Slow and steady

Despite Southland being the butt of weather-related jokes from much of the country, there is a lot to love about winter in this part of the world. We are being treated on the farm at the moment to some terrifying temperatures (-10degree frost, anyone?!), but what follows are often the most glorious blue sky days. As kids on the farm, these were the days you hoped for – when your gummies would leave marks in the frost, and you could see your breath almost before you got out the door.

We get plenty of the other extremes of winter too – the blustery, wet, bloody freezing kind that makes you wish you could justify staying in the office just a little bit longer…the reality of farming though is that the sheep don’t get rained off, and there’s always work to be done regardless of what Jim’s serving up on the six o’clock news.

It’s on these sorts of days that there’s nothing better than coming home to a boneless shoulder roast in the slow cooker, and a big old glass of Pinot (or in Bill’s case, a Stone’s green ginger wine) to be savoured by the fire. Here at Leelands we are all about eating seasonally, the way nature intended. As much as possible we eat from the vege garden, which at the moment means getting creative with lots of cabbage and carrots! I’m always interested to hear people lamenting the cost of things like tomatoes at this time of year – if it’s expensive it’s probably because it’s not in season, and it’s expensive to keep summer vege thinking it’s summer all year round!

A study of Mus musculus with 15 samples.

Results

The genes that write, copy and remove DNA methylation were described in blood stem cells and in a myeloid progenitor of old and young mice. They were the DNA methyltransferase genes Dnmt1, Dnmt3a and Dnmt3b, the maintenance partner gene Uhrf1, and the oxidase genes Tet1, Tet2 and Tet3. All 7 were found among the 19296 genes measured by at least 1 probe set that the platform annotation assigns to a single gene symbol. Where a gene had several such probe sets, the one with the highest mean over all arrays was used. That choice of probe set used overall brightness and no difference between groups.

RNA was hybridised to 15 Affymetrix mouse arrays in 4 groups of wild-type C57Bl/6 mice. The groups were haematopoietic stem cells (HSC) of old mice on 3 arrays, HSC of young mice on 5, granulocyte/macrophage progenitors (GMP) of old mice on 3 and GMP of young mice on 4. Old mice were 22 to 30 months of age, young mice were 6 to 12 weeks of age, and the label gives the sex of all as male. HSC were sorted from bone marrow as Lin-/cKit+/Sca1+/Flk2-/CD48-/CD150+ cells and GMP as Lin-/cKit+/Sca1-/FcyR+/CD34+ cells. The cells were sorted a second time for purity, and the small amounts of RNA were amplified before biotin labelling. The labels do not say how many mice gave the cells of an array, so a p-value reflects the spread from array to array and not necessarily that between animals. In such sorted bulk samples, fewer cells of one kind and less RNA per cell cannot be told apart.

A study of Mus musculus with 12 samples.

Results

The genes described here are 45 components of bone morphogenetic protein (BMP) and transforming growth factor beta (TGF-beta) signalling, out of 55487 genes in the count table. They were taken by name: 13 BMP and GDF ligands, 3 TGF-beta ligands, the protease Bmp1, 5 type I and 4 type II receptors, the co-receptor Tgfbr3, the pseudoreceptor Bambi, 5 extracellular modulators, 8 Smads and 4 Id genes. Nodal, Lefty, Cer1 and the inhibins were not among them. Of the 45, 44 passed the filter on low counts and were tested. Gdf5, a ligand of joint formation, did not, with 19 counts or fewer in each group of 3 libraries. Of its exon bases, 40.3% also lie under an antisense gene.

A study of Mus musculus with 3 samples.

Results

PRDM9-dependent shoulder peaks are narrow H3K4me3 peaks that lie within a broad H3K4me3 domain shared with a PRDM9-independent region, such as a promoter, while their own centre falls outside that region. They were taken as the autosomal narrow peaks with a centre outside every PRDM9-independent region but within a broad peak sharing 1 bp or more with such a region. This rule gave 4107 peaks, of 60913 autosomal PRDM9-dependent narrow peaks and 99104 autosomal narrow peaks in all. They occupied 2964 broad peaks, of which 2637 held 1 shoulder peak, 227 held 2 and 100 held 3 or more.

Eating seasonally doesn’t have to be hard, and slow food doesn’t have to be time consuming. One of my favourite ways to enjoy our shoulder cuts is to chuck one in the slow cooker before we head out the door in the morning (the boneless shoulder cut is perfect for this, but the oyster shoulder or any of our mini roasts work just as well). I’ll usually add a splash of red wine to the bottom of the dish, as well as a few cloves of garlic, and a generous helping of salt and pepper to season. By the time I make it home from work the lamb is meltingly good, and because it’s cooked so slowly it doesn’t lose any of the moisture. Served with some creamy mashed spuds, and this ridiculously good Ripe Raw Energy Salad with carrots and beetroot from the garden, and we can be enjoying roast lamb that has taken me all of about 30 minutes to prep.